DELAYING a further lifting of Covid restrictions is about “buying time”, Nicola Sturgeon told MSPs.

The virus Scotland faces today is more dangerous on almost every measure than the one we were dealing with when the timetable for exiting lockdown was set out in March: the Delta variant is more transmissible, less responsive to vaccines, and doubles your likelihood of requiring hospital treatment.

It is already responsible for 75 per cent of Covid infections in Scotland (96% in England) and looks set to squeeze the previously dominant Alpha/Kent strain close to extinction here by the end of June.


When we talk about ‘Covid’, what we are really talking about now is Delta - the B1.617.2 strain.

Everything we have learned about it so far helps explain why India, where it first emerged, descended into catastrophe so quickly.

For the UK, our exit from lockdown would probably have remained on track had we weeded out Delta cases early through Australian-style border measures requiring blanket hotel quarantine for all arrivals from January onwards.

READ MORE: Sturgeon says 'no doubt' lax UK border controls led to rise of Delta variant

On the other hand, were it not for vaccines we would almost certainly be facing a third wave of Covid deaths worse than anything we have experienced to date.

So what will time buy us?

The key issue is more second doses - and more time to build up immunity from vaccinations.

According to research led by Edinburgh University, someone given a single dose of the AstraZeneca vaccine is only 18% less likely to become infected with the Delta variant (with or without experiencing symptoms) than someone who is unvaccinated - and that’s 28 days or more on from vaccination.

With the Pfizer vaccine (mainly given to under-40s, elderly care home residents, and frontline healthcare staff) , the protection is 30%.

HeraldScotland: S Gene Positive = Delta variant; S Gene Negative = Alpha. VE = vaccine efficacy. Data gathered from ScotlandS Gene Positive = Delta variant; S Gene Negative = Alpha. VE = vaccine efficacy. Data gathered from Scotland

Being fully vaccinated - with both doses - has never been more important.

The same research showed that protection against a Delta Covid infection rises to 79% (Pfizer) and 60% (AstraZeneca) two weeks on from a second dose.

Protection against hospitalisation was stronger still, according to Public Health England research: 96% with Pfizer and 92% with AstraZeneca.

Right now, 97% of over-60s in Scotland have had both doses. But one third of people aged 50-54 and two thirds of those in their 40s are still waiting for their second vaccination; these are the people being prioritised between now and July 19. In addition, half of Scots aged 18 to 39 still need a first dose.

The goal is that higher second dose coverage should mean less pressure on hospitals.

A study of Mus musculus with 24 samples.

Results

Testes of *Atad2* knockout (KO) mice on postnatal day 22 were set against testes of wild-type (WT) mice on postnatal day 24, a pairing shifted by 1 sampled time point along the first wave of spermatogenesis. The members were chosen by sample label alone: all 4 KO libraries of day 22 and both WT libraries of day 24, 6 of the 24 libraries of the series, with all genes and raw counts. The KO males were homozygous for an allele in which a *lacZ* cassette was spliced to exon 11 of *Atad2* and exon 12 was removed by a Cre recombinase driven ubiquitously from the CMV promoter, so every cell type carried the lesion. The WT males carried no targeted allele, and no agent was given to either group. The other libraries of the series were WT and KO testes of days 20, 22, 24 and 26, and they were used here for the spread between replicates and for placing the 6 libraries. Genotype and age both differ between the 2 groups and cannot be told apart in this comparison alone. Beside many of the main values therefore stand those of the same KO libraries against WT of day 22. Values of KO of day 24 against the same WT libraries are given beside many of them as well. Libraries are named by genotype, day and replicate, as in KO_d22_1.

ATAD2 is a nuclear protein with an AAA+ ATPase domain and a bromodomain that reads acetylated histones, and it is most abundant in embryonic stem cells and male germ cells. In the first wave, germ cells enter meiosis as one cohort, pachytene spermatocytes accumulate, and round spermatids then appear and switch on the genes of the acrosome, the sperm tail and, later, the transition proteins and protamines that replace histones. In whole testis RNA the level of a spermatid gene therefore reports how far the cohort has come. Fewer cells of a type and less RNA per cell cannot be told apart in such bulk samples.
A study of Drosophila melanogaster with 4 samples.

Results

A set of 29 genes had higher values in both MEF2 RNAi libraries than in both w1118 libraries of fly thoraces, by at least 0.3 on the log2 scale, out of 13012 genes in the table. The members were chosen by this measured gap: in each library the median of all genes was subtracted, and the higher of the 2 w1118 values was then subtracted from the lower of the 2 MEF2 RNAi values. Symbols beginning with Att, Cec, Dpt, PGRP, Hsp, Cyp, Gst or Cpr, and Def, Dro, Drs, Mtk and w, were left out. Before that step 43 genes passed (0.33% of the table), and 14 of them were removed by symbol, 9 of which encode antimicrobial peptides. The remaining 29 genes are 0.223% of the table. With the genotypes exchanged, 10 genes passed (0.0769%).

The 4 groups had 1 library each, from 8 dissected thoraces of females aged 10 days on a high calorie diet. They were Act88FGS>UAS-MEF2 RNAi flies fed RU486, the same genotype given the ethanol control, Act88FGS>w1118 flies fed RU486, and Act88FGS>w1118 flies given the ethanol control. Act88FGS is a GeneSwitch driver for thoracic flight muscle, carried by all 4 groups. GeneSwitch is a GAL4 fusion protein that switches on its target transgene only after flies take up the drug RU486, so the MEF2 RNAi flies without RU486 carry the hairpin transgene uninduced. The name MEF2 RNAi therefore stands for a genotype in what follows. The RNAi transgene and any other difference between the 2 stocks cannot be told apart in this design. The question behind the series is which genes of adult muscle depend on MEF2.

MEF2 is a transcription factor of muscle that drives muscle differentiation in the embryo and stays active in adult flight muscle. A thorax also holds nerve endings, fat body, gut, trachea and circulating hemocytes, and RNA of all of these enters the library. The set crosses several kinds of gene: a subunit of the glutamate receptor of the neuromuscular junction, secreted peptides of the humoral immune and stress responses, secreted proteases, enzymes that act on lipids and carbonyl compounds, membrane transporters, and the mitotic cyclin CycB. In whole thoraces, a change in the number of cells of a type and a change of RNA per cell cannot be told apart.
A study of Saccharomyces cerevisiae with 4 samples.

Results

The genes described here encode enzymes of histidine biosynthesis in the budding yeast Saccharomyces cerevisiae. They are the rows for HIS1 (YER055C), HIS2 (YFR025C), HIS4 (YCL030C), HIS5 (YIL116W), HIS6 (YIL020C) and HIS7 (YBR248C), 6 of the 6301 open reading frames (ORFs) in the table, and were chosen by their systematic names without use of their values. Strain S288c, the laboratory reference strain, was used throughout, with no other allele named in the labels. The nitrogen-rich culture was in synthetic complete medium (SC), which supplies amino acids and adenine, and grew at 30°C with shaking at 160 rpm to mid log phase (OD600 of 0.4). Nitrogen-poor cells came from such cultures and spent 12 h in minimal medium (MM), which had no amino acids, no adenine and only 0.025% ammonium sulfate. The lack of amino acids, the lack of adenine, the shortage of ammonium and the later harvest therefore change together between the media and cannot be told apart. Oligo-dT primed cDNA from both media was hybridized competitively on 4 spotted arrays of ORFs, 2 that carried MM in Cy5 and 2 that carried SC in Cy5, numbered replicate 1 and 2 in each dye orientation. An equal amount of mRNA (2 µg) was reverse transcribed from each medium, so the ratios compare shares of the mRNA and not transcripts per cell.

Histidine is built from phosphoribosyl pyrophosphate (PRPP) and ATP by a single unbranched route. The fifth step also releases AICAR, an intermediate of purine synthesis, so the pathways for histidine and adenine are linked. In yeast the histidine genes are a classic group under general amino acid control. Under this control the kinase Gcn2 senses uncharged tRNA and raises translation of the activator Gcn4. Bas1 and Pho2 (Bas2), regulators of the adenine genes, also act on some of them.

READ MORE: Nicola Sturgeon signals delay to lockdown easing in Scotland 

But a delay also buys us time to understand more clearly to what extent vaccines are weakening the link between Delta infections and serious illness.

Cases are doubling roughly every 16 days in Scotland. By June 30 we are on track to reach 1,800 cases per day - the same as in early January - and 3,600 per day by mid-July.

In May, 5% of infections were translating into a hospital admission. 

That is down from 10% at the start of the year, but were we to reach 180 hospital admissions per day by the end of July, that would be on a par with the wave one peak (183 per day) and not far off the wave two peak (199 per day).

The good news is that vaccines mean hospital patients now are younger (mostly in their 30 or 40s), recover faster, are less likely to become critically ill, which should mean less pressure on intensive care and fewer Covid deaths.

HeraldScotland: Seven-day average for Covid hospital admissions in ScotlandSeven-day average for Covid hospital admissions in Scotland

As vaccines are rolled out that 5% ratio for cases-to-hospitalisations should also shrink - except that comparing people like-for-like (by age, by vaccination status, by morbidities etc) those infected with the Delta variant are 85% more likely to end up in hospital than those with the Alpha variant.

Since Delta only overtook Alpha in mid-May, we are probably stuck with that 5% (at least) figure for a while yet.

Furthermore, the Delta variant appears to be associated with roughly twice the rate of ‘vaccine fails’, meaning that even once the whole adult population is fully vaccinated we will probably end up dealing with many more breakthrough infections - especially in the sick and elderly - than we would have done had Alpha remained dominant.

READ MORE: Delta variant 'seeded' into Scotland through most affluent areas 

Its higher transmissibility (40-60% more than Alpha) also pushes up its R number and makes herd immunity harder to reach.

If the original Wuhan strain had a natural R number of around three (the number of people each infected person passes the virus onto in the absence of any lockdown measures) we needed to vaccinate around 66% of the total population to stall the epidemic.

Delta has an estimated natural R of six, meaning we need to fully vaccinate at least 83% of the population.

Given that 17% of Scotland’s population is under 16 and not all adults can or will be vaccinated, this is unlikely to be reached until immunisation is extended to 12 to 15-year-olds.